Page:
Band: The Talking Heads
Album: Remain In Light
Why Rolling Stone gets it right: You know how Paul Simon kept trying to get African percussion into his music? This is what he was trying to do. The Talking Heads, always a band on the edge, got their best production out of producer Brian Eno. Swirling keyboards, danceable African beats, great Jerry Harrison (with guest Adrian Belew) guitar work and David Byrne's fantastic disjointed, paranoid vocals all occupy this record as the band hit its peak as a unit. Also, "Once In A Lifetime."
Why Rolling Stone gets it wrong: I'd have "Remain In Light" higher. I love this album.
Best song: It'd be easy to say "Once In A Lifetime," as it's one of the band's signature songs (and who can forget that video?), but "Crosseyed And Painless" is probably my favorite Heads song.
Worst song: No song is worst. They're all just different levels of great.
Is it awesome?: Absolutely.
I've mentioned what I consider to be greatest hits bands multiple times on this list and I imagine a lot of people would consider The Talking Heads a greatest hits band. These people are wrong, if only for this album. "Remain In Light" is one of my favorite albums because no album works different beats and rhytymns as seamlessly. Employing tons of new people into the band, including African drummers, the Talking Heads went from quirky New Wave band to amazing artists.
Each song is perfectly manicured with chants, percussion, horns and a full cadre of electronics. Eno's super hands-on production -- he is listed as a co-writer on several of "Remain In Light's" songs -- fits the album perfectly.
Byrne his hit high note as a lyricist, here, as well. His "almost sociopathic opening track, "Born Under Punches (The Heat Goes On)" weaves "Psycho Killer" in a more modern concept. The paranoid narrator freaks out as the swirling drums surround him. Eventually, the song evolves into a Parliament/Funkadelic-esque chant-along ("And the heat goes on/Where the hand has been" ), fitting considering one of the Heads' earliest influences was Parliament.
Of course, the classic "Once In A Lifetime" has Eno using a keyboard as a water theme in an instance where I've never heard an instrument make an unnatural sound seem so natural. Tina Weymouth's bass line starts and stops in the classic jerky Heads way that always seems to show that, yes, the Talking Heads are not a normal band. Even with the smooth water-sounding keyboards, this is still the Talking Heads.
Byrne's lyrics on "Once In A Lifetime" are among his best. An attack on suburbia and the American dream that Byrne would later explore in "True Stories," "Once In A Lifetime" decries the greed/conformity of the white picket lifestyle:
And you may find yourself behind the wheel of a large automobile
And you may find yourself in a beautiful house, with a beautiful wife
And you may ask yourself-well...how did I get here?
The water will always flow and Byrne will always attack the status quo. "Once In A Lifetime" attacks that conformity for conformity's sake by simply exposing it: "Same as it ever was."
(Also, the video. That man can dance.)
My favorite Heads song is the second track on "Remain In Light," "Crosseyed And Painless." The breakneck pace of the song is based on a sixteenth notes of slightly overdriven guitar, slap bass, looped cowbell and Chris Frantz' drumming. The start/stop melody is an extension of the Heads' earlier work while incorporating a sweet hook showcasing Byrne's best singing on a Heads record.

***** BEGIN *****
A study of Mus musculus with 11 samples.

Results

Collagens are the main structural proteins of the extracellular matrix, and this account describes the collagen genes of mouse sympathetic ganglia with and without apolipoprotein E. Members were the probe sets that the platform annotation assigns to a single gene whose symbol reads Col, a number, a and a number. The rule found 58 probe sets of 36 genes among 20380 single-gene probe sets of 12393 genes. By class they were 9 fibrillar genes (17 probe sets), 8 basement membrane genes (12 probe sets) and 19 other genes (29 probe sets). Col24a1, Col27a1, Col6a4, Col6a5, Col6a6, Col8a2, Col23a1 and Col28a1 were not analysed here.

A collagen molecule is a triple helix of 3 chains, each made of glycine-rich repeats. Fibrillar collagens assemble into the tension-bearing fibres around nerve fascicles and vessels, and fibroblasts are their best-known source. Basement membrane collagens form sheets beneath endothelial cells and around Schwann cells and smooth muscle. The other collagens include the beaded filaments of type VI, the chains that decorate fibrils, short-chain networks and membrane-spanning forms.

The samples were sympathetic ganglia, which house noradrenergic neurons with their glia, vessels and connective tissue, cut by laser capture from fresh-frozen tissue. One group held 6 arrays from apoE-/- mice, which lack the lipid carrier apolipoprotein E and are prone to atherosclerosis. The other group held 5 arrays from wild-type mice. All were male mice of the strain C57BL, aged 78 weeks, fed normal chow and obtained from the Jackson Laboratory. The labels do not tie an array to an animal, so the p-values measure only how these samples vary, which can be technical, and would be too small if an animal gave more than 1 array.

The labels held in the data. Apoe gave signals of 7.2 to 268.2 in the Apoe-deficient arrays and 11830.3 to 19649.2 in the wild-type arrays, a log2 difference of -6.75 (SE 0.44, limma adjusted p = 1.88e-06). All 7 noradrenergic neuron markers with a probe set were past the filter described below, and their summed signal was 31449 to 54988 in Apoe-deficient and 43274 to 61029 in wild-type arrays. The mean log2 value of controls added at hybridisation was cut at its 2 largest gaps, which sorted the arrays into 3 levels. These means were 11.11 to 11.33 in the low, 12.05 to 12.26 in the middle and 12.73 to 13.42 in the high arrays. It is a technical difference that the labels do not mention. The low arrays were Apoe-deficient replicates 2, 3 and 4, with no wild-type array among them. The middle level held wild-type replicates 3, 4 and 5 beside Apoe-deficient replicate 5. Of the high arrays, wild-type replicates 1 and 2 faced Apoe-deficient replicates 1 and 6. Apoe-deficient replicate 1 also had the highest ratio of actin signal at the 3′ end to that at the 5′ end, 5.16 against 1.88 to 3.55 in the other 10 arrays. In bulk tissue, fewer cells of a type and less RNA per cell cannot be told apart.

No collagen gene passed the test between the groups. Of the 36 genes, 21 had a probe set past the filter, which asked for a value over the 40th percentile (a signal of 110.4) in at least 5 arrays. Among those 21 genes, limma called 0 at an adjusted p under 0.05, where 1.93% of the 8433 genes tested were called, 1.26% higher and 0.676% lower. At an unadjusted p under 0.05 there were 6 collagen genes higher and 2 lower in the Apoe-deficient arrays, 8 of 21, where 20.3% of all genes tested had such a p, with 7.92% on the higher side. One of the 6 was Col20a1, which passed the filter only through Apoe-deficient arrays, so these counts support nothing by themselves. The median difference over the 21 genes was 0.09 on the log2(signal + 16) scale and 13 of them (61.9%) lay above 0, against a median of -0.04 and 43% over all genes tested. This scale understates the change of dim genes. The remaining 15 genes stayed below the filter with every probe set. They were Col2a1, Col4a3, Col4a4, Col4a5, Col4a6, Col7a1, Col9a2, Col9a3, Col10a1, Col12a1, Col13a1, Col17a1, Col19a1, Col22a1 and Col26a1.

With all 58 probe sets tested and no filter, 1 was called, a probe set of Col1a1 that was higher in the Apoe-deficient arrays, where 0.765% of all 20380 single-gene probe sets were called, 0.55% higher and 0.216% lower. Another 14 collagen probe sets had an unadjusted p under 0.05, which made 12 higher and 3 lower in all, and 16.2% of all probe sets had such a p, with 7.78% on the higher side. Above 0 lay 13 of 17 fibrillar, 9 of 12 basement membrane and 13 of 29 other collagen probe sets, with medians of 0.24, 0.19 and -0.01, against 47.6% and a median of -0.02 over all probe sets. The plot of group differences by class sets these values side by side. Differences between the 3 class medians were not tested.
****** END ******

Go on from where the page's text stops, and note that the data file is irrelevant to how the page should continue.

Of course, this is all built around an almost rap-ish performance by Byrne throughout the rest of the song. He starts off gruffly, explaining his situation -- a man dealing with demons we couldn't imagine, apparently -- with "Lost my shape-trying to act casual!/Cant stop-i might end up in the hospital/I'm changing my shape-i feel like an accident/They're back!-to explain their experience."
He eventually turns the insanity outward in a Stephen Colbert-esque attack on propaganda, truth and the all-too-nebulous "facts." During one hook, Byrne sings "Facts cut a hole in us" while on the subsequent verse, "facts are useless in emergencies."
All this culminates in Byrne's laundry list of what facts can do, with his subtle explanation of relativism:
Facts are simple and facts are straight
Facts are lazy and facts are late
Facts all come with points of view
Facts dont do what I want them to
Facts just twist the truth around
Facts are living turned inside out
Facts are getting the best of them
Facts are nothing on the face of things
Facts don't stain the furniture
Facts go out and slam the door
Facts are written all over your face
Facts continue to change their shape
Again, remember, this is all over a breakneck beat and Afro-Caribbean beats. Never has a philosophical judgment based on paranoia sounded so beautiful, fun and danceable. A wonderfully dark song, "Crosseyed And Painless" sounds anything but.
Not for nothing, but I love "Remain In Light" so much that it made me buy a Phish album. I'd heard that Phish did "Remain In Light" as one of their "musical costumes" and had released it as one of their live records. Because I'm a sucker for cover records, I picked it up. And you know what? It doesn't totally suck. Phish don't wank along too much, but rather jam out on what is a fantastic cover. A record like "Remain In Light" is hard to translate live, I'm sure, as it was heavily produced, but Phish did it well.
But, it's that good. Even a band like Phish realized the greatness and didn't touch it. They played it very faithfully to the original.
It's a must-have. It paved the way for Paul Simon and Peter Gabriel's ventures into African music and they can't hold a candle to "Remain In Light."